Clover Sonoma's Meat and Cheese Plate
There is no recipe that screams flexibility like a cheese plate. You can literally use up any fruit and veggies, nuts, breads, meats and cheese that you have in your fridge and pantry. Our friends at Clover Sonoma have lots of great recipes on their website, and passed along this one written by Rachel Lightfoot Melby. Have yourself a an outdoor picnic or a carpet picnic depending on the weather. Finger foods like this are loved by all ages in the family.
There is no wrong way to make a cheese plate! And here's how typical cheese boards start: With 2-3 different kinds of cheese, cured meats like salami and prosciutto, seasonal fruit, nuts and crackers or bread. Embellish with pickles and olives, condiments like mustard and honey, and garnishes like edible flowers and herbs.
- A cutting board or large platter
- Plenty of small dishes to hold wet ingredients and condiments
- Cheese utensils- If using soft cheese, you’ll need a cheese or butter knife. If you cut pieces of hard cheese, consider offering toothpicks on the side.
You can use anything! Here are suggestions by Clover Sonoma.
Clover Organic Sharp Cheddar (sliced)
Clover Organic Medium Cheddar (cubed)
Clover Organic Monterey (sliced)
Thistle Meats Bresaola
Thistle Meats Duck Mulberry Paté
- Fruits and nuts
Mediterranean Olive Assortment
Crisp Fig Crackers
Prep your cheeses. Pro Tip: Know your texture/moisture level- sharp cheddar is a bit more firm and easy to make slices with, while the medium cheddar is perfect for cubing.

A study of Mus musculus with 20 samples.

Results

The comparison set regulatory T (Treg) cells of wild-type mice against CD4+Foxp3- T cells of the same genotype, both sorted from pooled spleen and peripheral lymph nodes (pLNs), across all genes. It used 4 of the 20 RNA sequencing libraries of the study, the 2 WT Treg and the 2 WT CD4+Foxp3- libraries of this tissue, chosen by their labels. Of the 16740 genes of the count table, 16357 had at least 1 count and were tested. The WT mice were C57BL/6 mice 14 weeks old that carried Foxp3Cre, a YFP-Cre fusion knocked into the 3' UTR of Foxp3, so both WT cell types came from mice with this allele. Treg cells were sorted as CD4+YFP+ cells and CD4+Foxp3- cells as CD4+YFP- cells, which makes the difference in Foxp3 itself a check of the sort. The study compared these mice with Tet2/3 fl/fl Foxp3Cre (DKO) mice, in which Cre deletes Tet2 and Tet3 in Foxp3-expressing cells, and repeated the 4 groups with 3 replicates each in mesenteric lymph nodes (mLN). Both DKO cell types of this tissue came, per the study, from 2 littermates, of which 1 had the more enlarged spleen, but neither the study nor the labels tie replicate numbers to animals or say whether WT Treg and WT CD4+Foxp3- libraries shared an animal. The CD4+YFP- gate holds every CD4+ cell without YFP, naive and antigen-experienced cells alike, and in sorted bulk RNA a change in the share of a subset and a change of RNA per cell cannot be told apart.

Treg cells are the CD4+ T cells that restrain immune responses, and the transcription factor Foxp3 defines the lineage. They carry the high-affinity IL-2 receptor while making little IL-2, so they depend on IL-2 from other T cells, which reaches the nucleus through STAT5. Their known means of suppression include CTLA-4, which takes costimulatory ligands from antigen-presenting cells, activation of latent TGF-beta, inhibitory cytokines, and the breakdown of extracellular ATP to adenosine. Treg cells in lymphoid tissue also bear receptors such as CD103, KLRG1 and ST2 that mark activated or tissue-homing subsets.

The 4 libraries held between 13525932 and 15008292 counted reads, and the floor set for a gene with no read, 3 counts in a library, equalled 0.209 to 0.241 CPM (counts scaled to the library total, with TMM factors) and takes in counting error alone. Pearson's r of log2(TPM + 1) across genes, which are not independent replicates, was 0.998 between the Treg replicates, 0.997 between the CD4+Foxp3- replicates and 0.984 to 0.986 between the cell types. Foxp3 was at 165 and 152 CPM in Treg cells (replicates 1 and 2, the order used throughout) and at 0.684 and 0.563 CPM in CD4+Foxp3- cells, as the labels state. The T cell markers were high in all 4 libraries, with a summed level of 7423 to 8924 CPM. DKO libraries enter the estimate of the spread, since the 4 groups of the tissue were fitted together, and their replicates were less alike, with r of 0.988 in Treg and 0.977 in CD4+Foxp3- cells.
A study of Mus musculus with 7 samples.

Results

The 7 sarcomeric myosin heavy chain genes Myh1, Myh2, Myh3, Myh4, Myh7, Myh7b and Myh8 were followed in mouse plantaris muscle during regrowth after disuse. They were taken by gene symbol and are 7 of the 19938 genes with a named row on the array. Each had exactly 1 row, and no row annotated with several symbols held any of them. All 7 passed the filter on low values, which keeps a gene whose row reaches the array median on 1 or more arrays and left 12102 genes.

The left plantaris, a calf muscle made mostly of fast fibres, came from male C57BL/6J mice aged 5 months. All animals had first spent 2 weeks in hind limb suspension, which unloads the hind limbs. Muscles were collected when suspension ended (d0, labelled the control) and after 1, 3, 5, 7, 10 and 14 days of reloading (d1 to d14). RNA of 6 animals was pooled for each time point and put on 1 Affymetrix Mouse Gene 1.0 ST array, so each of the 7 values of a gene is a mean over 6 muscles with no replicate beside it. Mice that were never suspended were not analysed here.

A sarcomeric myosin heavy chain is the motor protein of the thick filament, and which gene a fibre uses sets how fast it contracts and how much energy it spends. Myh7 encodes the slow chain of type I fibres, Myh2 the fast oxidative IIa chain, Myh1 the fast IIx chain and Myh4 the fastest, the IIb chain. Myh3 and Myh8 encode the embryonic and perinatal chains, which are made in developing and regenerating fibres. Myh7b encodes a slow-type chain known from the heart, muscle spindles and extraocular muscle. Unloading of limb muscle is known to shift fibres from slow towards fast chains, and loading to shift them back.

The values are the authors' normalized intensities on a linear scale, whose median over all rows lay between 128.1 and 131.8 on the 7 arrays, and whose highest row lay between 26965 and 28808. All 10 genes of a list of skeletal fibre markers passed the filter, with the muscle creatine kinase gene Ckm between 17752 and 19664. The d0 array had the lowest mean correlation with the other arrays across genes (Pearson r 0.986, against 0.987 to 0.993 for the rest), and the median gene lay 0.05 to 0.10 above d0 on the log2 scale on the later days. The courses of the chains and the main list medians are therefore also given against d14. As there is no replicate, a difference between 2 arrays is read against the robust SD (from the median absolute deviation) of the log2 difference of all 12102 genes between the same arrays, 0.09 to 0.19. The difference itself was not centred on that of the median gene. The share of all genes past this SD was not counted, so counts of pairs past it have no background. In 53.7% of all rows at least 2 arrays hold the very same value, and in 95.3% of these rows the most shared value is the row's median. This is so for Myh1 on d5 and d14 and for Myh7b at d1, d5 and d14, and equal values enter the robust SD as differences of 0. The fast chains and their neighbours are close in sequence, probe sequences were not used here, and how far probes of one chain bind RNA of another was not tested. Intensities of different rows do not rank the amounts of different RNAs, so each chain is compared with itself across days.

Layout your focal points: the cheese and ramekins will fit on your board. If you position these first, it is easier to then build around them. Odd numbers of focal points look attractive, so if you have two kinds of cheese, use one dish. If you have three types of cheese use two dishes.
Fill in the areas between your cheese with meats and sliced fruits. Pro Tips: Fan your fruit to show off as much color as possible. Consider organic, rounded layouts vs. laying everything in a straight row. Add volume and texture to each slice of meat by folding it twice and standing it up in a neat row. It’s okay to move things around at this point or swap out ‘focal points’ once you can see how things are taking shape.
Once you have your structural ingredients laid out, it’s time to fill in the remaining areas of your board with additional fruits, nuts, and garnishes. Pro Tips: Consider leaving crackers off the board if you have wet ingredients that can make them soggy, or if you don't have room; it’s perfectly acceptable to rest them in another bowl nearby.